A National Disability Insurance Agency representative attends the group’s daily meetings, but there are currently no formal agreements or measures in place. The Andrews government has indicated while the Commonwealth is yet to formally respond to the request, Mr Robert has declined the offer.
Victoria on Sunday recorded 279 new cases of coronavirus and 16 deaths, 11 of which were connected to aged-care outbreaks, and the government extended the state of emergency for another four weeks.
Mr Andrews said the latest figures provided “cautious optimism and real hope” that Victoria was succeeding despite the “pain” of stage four restrictions. Chief Health Officer Brett Sutton revealed the effective reproduction rate was sitting at 0.86, meaning for every 100 people who are infected with COVID-19, they pass it on to 86 others.
“No one day necessarily guarantees the outcome. That is a long, hard slog,” the Premier said.
“This is an endurance race, it’s not a sprint, in any way. And whilst these numbers are positive, I wouldn’t want anyone in any place in Victoria to think that we had the luxury of backing off. We’ve just got to stay the course on this.”
There are currently 81 active cases – 61 staff and 20 residents – across 53 disability facilities, a decrease of eight from the previous day. To date, there have been two deaths connected to disability homes.
Twenty-seven of those active cases are in state-run homes in the process of being transferred to the National Disability Insurance Scheme, 53 are in NDIS-funded facilities, and one is state-funded.
“Just as we have stood up, I think, a really good system [for the aged-care response]: we’ve been asked to help, we’re doing everything we’ve been asked to do, most senior people are sitting around the same table every day, every night trying to have that in real time, acute focus on what’s happening,” Mr Andrews said.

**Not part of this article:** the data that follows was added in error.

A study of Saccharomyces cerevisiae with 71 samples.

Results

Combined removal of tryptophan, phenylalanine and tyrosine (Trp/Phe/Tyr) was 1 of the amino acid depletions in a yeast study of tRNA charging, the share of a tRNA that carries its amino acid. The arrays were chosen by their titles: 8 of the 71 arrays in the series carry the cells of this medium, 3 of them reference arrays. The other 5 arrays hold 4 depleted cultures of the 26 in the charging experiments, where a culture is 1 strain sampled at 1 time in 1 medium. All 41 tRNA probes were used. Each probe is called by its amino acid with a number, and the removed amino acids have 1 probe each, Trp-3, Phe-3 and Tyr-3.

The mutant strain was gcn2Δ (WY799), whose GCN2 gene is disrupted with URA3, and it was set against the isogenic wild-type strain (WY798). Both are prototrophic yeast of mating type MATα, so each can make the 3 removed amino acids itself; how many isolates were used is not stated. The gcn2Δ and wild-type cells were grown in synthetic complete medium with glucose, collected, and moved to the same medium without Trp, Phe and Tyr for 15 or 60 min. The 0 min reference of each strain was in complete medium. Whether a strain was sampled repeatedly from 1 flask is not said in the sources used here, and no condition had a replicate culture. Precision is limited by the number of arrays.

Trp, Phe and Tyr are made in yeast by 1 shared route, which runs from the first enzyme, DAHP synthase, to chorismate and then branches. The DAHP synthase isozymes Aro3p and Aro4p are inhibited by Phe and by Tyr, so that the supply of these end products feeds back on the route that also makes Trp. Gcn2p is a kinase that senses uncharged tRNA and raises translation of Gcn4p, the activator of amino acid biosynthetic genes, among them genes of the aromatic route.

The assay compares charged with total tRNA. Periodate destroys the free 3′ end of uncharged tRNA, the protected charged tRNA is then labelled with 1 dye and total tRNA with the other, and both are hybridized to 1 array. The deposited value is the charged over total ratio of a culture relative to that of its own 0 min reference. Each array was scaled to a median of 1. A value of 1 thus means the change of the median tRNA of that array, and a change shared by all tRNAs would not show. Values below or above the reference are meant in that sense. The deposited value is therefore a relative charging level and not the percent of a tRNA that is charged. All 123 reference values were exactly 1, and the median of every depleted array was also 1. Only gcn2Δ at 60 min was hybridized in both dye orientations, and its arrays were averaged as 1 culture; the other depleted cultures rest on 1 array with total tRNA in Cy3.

“I think my view is that will serve us well in disability services as well. I think that matter, (is) just something we’re going back and forth with the Commonwealth on. We’ll get there.”
When asked if the Commonwealth was resisting the state’s request, Mr Andrews said: “I’m not going to be able to speak to that. Minister [Stuart] Robert will be the person to talk to that.”
Mr Robert has rejected Victoria’s claims that the federal government is not formally part of the Disability Rapid Response Group, saying the Commonwealth had been a “formal member” of the unit since July 29.
“Co-ordination at the Commonwealth level for a whole of Australia rapid identification and resolution of policy and operational issues is being led through the NDIS Critical Response Group,” the federal minister said in a statement.
“I have previously announced additional temporary measures for NDIS participants and providers in Victoria to ensure continuity of services in a COVID-safe setting. This includes the ability for NDIS participants and providers to claim for [personal protective equipment] via a participant’s plan.
He said an NDIS participant is four times less likely to contract COVID-19 than the Victorian general public because of the significant support from the Commonwealth.
“Disability settings are completely different to aged care settings and the Commonwealth has ensured appropriate services can be delivered in a COVIDSafe environment through successive and targeted measures announced since March.”
On April 8, Mr Donnellan wrote to Mr Robert regarding priority coronavirus issues ahead of the Disability Reform Council meeting scheduled for the following day.
Some of the key issues he raised were about access and supply to personal protective equipment, concerns of NDIS’ capacity to resolve ‘provider of last resort’ issues, and the lack of a surge workforce to respond if staff were furloughed in large numbers.
The Victorian government also asked the Commonwealth to establish a Crisis Accommodation Team to help deliver alternative accommodation if there were outbreaks at disability homes, and extend financial support to five “transfer” providers.
A month later, on May 11, Mr Donnellan again raised issues around “providers of last resort”, and managing outbreaks in the sector. Mr Robert told state and federal disability ministers the federal government would not be establishing an “aged-care style” package for the disability sector.
The NDIS Minister said the federal government had worked closely with state and territory leaders and the sector since the early stages of the pandemic.
“Aspen Medical has been appointed to provide clinical first response for any identified outbreak
to ensure that infection control procedures, personal protective equipment (PPE) and nursing support is in place for residents and workers if needed,” Mr Robert said in response to concerns around PPE.
“It is my priority to ensure continuity of supports along with the health and wellbeing of NDIS participants and their support workers and I look forward to continuing to work with the Victorian Government on this important issue.”
With Rob Harris
Sumeyya is a state political reporter for The Age.